Sex attack victim wins health centre payout

Centurion mental health centre
Centurion mental health centre

The woman, who cannot be named for legal reasons, developed a relationship with Ian Henshaw, a mental health assistant, during the two occasions she was admitted to the Centurion Mental Health Centre in Chichester as a patient in 2009.

She had made several attempts on her life and was considered vulnerable.

During her second admission at the centre, the relationship became physical, even though Henshaw told her he was banned from sexual relationships with patients.

He would send the Chichester woman text messages and visit her at home, but he continued to urge her to keep their relationship secret.

But when she fell pregnant with his child and then miscarried, she told her social worker about the relationship.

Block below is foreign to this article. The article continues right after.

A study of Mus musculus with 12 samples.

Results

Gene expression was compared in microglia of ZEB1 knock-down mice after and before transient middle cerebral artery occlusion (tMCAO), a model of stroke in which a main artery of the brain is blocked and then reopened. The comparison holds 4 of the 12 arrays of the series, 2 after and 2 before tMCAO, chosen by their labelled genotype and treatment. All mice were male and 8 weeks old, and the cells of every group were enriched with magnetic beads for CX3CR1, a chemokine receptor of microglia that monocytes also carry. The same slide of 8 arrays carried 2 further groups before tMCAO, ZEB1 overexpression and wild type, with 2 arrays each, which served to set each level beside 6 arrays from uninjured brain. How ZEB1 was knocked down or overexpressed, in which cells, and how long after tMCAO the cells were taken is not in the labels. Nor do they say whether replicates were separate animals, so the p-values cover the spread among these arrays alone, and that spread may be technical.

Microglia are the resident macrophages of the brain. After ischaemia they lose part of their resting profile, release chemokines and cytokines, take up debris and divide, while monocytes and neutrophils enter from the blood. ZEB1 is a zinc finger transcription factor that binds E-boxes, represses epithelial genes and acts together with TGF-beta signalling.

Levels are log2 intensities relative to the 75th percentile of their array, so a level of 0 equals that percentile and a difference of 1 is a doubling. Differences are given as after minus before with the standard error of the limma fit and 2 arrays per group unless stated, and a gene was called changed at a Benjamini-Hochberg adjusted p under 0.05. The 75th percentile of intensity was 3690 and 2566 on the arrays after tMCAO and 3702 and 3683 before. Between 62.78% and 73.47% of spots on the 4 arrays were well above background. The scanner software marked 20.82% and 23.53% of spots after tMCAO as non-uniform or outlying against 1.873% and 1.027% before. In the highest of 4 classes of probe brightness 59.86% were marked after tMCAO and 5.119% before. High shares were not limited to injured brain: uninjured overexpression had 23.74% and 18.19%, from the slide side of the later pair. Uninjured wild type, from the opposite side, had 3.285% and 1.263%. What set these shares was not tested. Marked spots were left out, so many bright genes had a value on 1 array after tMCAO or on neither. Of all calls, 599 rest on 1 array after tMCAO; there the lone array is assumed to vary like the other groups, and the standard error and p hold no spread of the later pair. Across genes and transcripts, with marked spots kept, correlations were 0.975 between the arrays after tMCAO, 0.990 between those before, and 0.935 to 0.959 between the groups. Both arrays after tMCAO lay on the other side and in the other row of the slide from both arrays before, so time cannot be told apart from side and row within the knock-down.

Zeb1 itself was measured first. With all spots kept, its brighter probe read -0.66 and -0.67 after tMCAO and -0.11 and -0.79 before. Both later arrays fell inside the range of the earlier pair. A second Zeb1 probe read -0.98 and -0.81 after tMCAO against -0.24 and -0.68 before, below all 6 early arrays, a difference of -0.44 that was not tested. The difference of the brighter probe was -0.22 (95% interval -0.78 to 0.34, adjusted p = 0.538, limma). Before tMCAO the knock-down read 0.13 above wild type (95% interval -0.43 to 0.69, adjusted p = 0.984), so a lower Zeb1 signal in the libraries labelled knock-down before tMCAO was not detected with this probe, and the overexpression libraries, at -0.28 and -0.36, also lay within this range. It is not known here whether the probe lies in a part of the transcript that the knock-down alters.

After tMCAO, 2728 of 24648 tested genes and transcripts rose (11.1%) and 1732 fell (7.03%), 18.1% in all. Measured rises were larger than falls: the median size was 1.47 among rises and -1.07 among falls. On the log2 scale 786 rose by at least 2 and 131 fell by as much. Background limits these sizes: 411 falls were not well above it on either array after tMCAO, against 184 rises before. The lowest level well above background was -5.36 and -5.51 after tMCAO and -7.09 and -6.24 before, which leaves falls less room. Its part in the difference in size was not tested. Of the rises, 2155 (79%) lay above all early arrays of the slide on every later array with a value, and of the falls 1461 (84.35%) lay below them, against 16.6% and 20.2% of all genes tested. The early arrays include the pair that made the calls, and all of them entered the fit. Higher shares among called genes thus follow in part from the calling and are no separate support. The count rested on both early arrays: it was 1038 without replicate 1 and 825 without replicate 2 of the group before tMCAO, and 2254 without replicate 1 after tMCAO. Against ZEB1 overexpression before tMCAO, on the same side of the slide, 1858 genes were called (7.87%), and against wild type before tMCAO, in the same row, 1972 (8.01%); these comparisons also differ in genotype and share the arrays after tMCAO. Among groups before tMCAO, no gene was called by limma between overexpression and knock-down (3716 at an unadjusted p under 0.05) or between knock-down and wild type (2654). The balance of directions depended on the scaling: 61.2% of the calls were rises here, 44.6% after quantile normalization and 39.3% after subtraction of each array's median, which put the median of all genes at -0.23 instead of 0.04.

When she admitted to Henshaw what she had done, he physically assaulted her.

He was arrested for common assault and subsequently for engaging in a sexual activity with a person with a mental disorder.

He was dismissed from his job, and in March 2011 was jailed for 15 months.

He was placed on the sex offenders register and disqualified from working with children.

The woman’s legal claim against Sussex Partnerships NHS Foundation Trust, which runs the Centurion Centre, was settled for an undisclosed sum in five figures.

Her lawyer Tracey Emmott, a specialist in sexual abuse claims, said the woman has tried to move on since, and added: ‘My client required the highest level of sensitivity and care because of her vulnerable nature.

‘She was in no state to be able to be able to fight off Henshaw’s advances and he clearly realised that.

‘He was also perfectly well aware of what the consequences for him would be if the relationship ever came out. So he cynically embroiled my client in a conspiracy of silence over their affair.

‘The settlement is appropriate, given what my client has had to endure, and we can only wish her well.’